A digital image is represented in the form of a 2D matrix of integers/floats, in which each element of the matrix represents pixel intensity. This intensity distribution of images depicted in the form of 2D matrices is called Spatial Domain. The intensity value depends on the bit-depth of the image. For example, if bit-depth is 8bit then pixel intensity can take values from 0 to 255.
Why spatial resolution is important?
Spatial resolution is important as it influences how sharply we see the objects. The key parameter is not just the number of pixels in each row or column of the display, but the angle subtended, by each of these pixels on the viewer’s retina.
What is spatial resolution?
Since we know by now that each digital image is just the collection of pixels in 2D matrix format. Now we define spatial resolution as a term that refers to the number of pixels that are used to construct a digital image. When we say that a particular digital image is having higher spatial resolution than another image, it simply means that the higher spatial resolution image is composed of more pixels than the lower spatial resolution image for the same dimensions of the imaging part. It is important to note that we are talking about the same dimensions of both images.
Spatial resolution can determine the quality of an image and describe how detailed an object can be represented by the image. It has importance in medical images such as ultrasound tomography and CT scan.
We know that a digital image is a collection of pixels, arranged in 2D matrix format. The values held by these pixels are the intensity values. The intensity values are either integers or float numbers. These numbers represent the brightness on a relative scale. Thus we define the brightness (or luminous brightness) of a digital image as the measure of relative intensity values of the image pixels across the pixel array.
If we increase the brightness of an image, then the brightness of each pixel increase by the same amount. Similarly, when brightness is decreased, the brightness of each pixel is decreased by the same amount. Brightness is different from contrast.
The brightness of the image does not define the quality of the image.
org_image = imread(“GFGlogo.png”); //Read the image using imread( ) function
dark_image = org_image – 50; // To decrease the brightness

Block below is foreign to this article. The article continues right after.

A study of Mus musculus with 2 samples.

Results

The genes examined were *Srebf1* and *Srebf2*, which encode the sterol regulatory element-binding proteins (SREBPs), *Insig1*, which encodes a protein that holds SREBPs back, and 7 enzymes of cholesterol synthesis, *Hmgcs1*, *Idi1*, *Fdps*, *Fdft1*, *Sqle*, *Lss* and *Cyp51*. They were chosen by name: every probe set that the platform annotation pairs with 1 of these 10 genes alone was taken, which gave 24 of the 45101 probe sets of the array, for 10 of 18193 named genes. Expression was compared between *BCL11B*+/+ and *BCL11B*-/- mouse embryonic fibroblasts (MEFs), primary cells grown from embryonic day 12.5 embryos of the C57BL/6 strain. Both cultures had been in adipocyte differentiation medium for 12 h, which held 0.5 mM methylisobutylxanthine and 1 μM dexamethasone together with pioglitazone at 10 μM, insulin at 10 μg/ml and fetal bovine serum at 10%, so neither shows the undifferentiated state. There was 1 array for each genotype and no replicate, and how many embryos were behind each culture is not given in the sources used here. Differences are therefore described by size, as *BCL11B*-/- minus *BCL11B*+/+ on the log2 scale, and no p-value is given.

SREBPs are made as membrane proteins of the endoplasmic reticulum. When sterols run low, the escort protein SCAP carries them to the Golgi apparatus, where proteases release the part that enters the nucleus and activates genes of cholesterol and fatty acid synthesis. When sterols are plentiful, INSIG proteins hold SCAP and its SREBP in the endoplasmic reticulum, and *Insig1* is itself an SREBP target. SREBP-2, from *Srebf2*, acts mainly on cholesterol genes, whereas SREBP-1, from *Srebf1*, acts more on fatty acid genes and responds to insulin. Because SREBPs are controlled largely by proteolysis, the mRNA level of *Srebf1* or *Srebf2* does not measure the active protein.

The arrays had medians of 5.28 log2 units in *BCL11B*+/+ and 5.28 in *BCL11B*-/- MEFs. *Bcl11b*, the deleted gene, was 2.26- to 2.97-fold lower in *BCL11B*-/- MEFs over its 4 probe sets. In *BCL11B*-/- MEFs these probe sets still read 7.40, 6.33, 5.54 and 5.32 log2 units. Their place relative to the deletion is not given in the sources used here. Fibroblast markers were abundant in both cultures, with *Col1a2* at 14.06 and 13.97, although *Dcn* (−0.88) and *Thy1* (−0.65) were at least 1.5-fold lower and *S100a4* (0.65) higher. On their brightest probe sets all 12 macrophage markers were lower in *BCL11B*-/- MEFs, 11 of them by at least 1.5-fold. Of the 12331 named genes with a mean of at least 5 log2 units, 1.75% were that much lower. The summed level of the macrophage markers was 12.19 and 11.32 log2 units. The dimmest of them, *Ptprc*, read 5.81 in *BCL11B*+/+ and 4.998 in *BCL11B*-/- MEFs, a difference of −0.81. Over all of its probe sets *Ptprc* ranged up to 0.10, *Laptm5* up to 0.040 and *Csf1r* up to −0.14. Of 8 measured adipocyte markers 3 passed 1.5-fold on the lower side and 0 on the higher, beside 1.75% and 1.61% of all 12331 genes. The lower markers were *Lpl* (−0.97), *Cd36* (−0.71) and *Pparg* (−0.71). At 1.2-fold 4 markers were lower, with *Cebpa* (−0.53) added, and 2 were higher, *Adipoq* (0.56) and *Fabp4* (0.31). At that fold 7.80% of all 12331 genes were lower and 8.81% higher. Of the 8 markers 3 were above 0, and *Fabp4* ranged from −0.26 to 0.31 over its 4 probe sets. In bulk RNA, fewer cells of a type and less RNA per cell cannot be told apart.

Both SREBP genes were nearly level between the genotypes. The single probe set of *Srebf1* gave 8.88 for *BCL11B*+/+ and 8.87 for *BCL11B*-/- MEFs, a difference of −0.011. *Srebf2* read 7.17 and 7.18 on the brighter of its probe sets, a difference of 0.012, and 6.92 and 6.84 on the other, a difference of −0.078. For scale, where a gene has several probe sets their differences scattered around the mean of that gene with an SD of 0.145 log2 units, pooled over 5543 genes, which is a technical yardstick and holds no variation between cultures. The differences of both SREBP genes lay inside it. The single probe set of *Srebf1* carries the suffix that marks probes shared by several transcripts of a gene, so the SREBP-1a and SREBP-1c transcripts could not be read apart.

bright_image = org_image + 50; // To increase the brightness
imtool(image_variable, [ ]); // To display the image using imtool( ) inbuilt function
Figure: Original image
Figure: Dark image
Figure: Bright image
What is the contrast of an image?
The amount of color or grayscale differentiation that exists between pixels of an image. Images having a higher contrast level generally display a greater degree of color or grayscale variation than those of lower contrast. When we increase the contrast of an image, then dark pixels get darker and light pixels get lighter.
Contrast refers to how clearly we can differentiate between two adjacent parts in an image. The contrast of an image can be identified from the histogram of the image. If the dynamic range of the histogram is wide then the corresponding image has high contrast. If the dynamic range is small then the image is said to be of low contrast. In low contrast most of the pixels of the image have the same colour therefore, it becomes difficult to distinguish the various portions of the image.
When we increase the contrast of an image then the brightness also increases, because we are widening the dynamic range of the image. That means many pixels will get light colour thus increases the brightness.
k=imread(“poor_contrast_butterfly.jpg”);//To read the original image
k=rgb2gray(k); //To convert to grayscale
k1 = imadjust(k); //To enhance contrast using adjust method
k2 = histeq(k); //To enhance contrast using histogram equalisation
k3 = adapthisteq(k); //To enhance contrast using adaptive histogram equalisation
imtool(k,); imtool(ki,); where i = 1,2,3 //To display original image along with enhanced image
k1 = imadjust(k);
k2 = histeq(k);
k3 = adapthisteq(k);
Figure: Original image
Figure: Enhanced using intensity adjustment
Figure: Enhanced using histogram equalisation
Figure: Enhanced using adaptive histogram equalisation.